A snapshot into Dutch prisons

This month we are diving into the theme of Prison. I realised I didn’t know what prisons are actually like in the Netherlands, and how the prisons contributed to criminality, so I tried to find this out. It was quite hard to find the real deal with prisons. Mainly info on all the great looking reintegration programs and the amount of prisoners was easy to find. But I wonder, what is life like in a prison really? Does the prison even work to lower criminality rates?

The facts of Dutch prison conditions at a glance

I found it positive to find that Dutch prison conditions compared to those of many other countries seem much more humane. Some good things are that every prisoner has the same rights as non-prisoners (this is not everywhere the case which is so ridiculous!), such as having the right to vote, or not be harmed by guards. Activities are offered for at least 6 hours a week to prisoners, and every prison has a library, sport facilities, and worship spaces with freedom of religion (including Protestant, Catholic, Muslim, Jewish, Hindu and Buddhist chaplains as well as a humanist counsellor visits). Health care units are located in every prison providing free (both physical and mental) health care. Though if a prisoner wants to see a specific self chosen doctor they do have to pay for it. Pregnant women are given special care and are able to give birth in a hospital. After giving birth the child can stay with the mom for nine months, and what happens after this time depends on the family situation I guess. Also, personal hygiene products (like soap, toothpaste, shaving products, menstruation pads) are provided by the prison. The prisoner’s cell is at least 10m2 – which is definitely small, but at least there is this minimum personal space – and has a bed (with clean bedding once a week), heating, lighting, and access to water.

Besides all these positive aspects of Dutch prisons – at least compared to many other countries – there are still quite some negative things to not forget. All non-retired prisoners must work, and for this compulsory labour of around 20 hours a week you get paid basically nothing. The wage is € 0,76 an hour, while the minimum hourly wage outside of prisons is €9,82. Food is provided 3 times a day, but this food does not meet nutritional standards and the prisoners have very often complained about both the quality and the amount of food they get. Having at least one hour a day to go outdoors is also sometimes mentioned as a positive aspect of Dutch prisons. But 1 hour a day? That sounds incredibly short if you ask me. Couldn’t really find if it’s more than this minimum time in practice though.. I would hope so. The outside place is furthermore not always that uplifting, by being fully concrete in quite some prisons in the country.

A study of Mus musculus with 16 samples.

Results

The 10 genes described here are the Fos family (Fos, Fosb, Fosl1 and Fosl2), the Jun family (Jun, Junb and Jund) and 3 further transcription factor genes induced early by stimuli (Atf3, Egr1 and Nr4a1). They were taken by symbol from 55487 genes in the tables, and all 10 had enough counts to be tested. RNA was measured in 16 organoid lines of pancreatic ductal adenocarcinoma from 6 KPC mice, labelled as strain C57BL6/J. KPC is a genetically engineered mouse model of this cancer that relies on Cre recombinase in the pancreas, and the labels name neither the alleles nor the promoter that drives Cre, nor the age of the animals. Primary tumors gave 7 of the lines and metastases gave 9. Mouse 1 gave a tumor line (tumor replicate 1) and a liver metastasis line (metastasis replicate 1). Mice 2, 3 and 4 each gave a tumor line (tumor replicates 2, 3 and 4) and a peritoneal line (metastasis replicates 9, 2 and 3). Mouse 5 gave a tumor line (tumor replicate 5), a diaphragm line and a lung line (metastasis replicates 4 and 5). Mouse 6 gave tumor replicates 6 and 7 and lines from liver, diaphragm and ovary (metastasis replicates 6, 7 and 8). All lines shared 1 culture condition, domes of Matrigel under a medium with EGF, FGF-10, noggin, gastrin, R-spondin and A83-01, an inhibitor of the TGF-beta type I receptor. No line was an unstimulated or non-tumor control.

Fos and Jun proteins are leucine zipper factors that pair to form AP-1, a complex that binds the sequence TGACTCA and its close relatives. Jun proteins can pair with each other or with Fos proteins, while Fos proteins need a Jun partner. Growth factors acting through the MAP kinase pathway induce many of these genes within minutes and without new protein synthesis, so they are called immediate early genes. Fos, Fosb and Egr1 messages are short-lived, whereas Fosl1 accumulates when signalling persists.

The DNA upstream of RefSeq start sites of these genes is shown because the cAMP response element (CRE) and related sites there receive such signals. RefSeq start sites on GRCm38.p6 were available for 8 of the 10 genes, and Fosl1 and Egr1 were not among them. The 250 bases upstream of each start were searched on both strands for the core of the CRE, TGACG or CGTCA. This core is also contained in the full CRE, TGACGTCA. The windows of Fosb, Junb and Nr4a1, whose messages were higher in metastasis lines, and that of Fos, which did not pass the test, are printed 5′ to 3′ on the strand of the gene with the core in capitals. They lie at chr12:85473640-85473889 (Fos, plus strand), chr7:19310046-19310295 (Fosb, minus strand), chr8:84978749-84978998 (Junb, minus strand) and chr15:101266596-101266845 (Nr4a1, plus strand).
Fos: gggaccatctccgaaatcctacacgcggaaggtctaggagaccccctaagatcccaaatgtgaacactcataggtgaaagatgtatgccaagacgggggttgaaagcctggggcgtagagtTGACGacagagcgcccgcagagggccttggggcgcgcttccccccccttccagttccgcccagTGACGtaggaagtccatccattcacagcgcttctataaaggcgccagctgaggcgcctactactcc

Trends and impact on criminality rates

Trends show that the amount of prisoners is going down in the Netherlands. There are currently 30 prisons in the country, while there used to be 59 less than ten years ago. This decrease seems positive, but actually happened because of budget cuts since 2013. While budget cuts sound like a bad incentive for closing prisons, rather than concerns over the prison industry or ethics, criminality did decrease over the last decade. The budget cuts on prisons did not seem to have a negative impact on criminality rates, as one might expect. If the shut down of prisons do not lead to higher criminality rates, are prisons really necessary? If people need to turn to criminal activities, the inequality that causes this need should better be tackled. I imagine that going to jail and losing social contacts and connection with the outside world not only makes you more depressed, angry, and/or lonely, but also makes you more vulnerable to having criminality as the only viable option to pay your bills once you get out. There are reintegration programs in Dutch prisons aiming to help with life after prison, but still 47% of ex-prisoners commit crime within two years after leaving prison. After another sentence, such as community service, the amount of recidivists is 34%. I think this illustrates well that prisons do not necessarily decrease criminality, but rather might increase it. Most importantly prisons do not address the structures that drive people into criminal acts in the first place. 

Though prisons seem more humane in NL than in many other countries, we should keep critical on the presence of prisons. If you like to discuss this further, join our bookclub night this Thursday 🙂 If you want to read more, this website gives very clear overviews of the main numbers and sometimes some background text on prisons throughout the whole world, which I have used a lot for this article. Also the Dutch podcast ‘Binnen de muren’ is recommended to hear the view from prisoners themselves.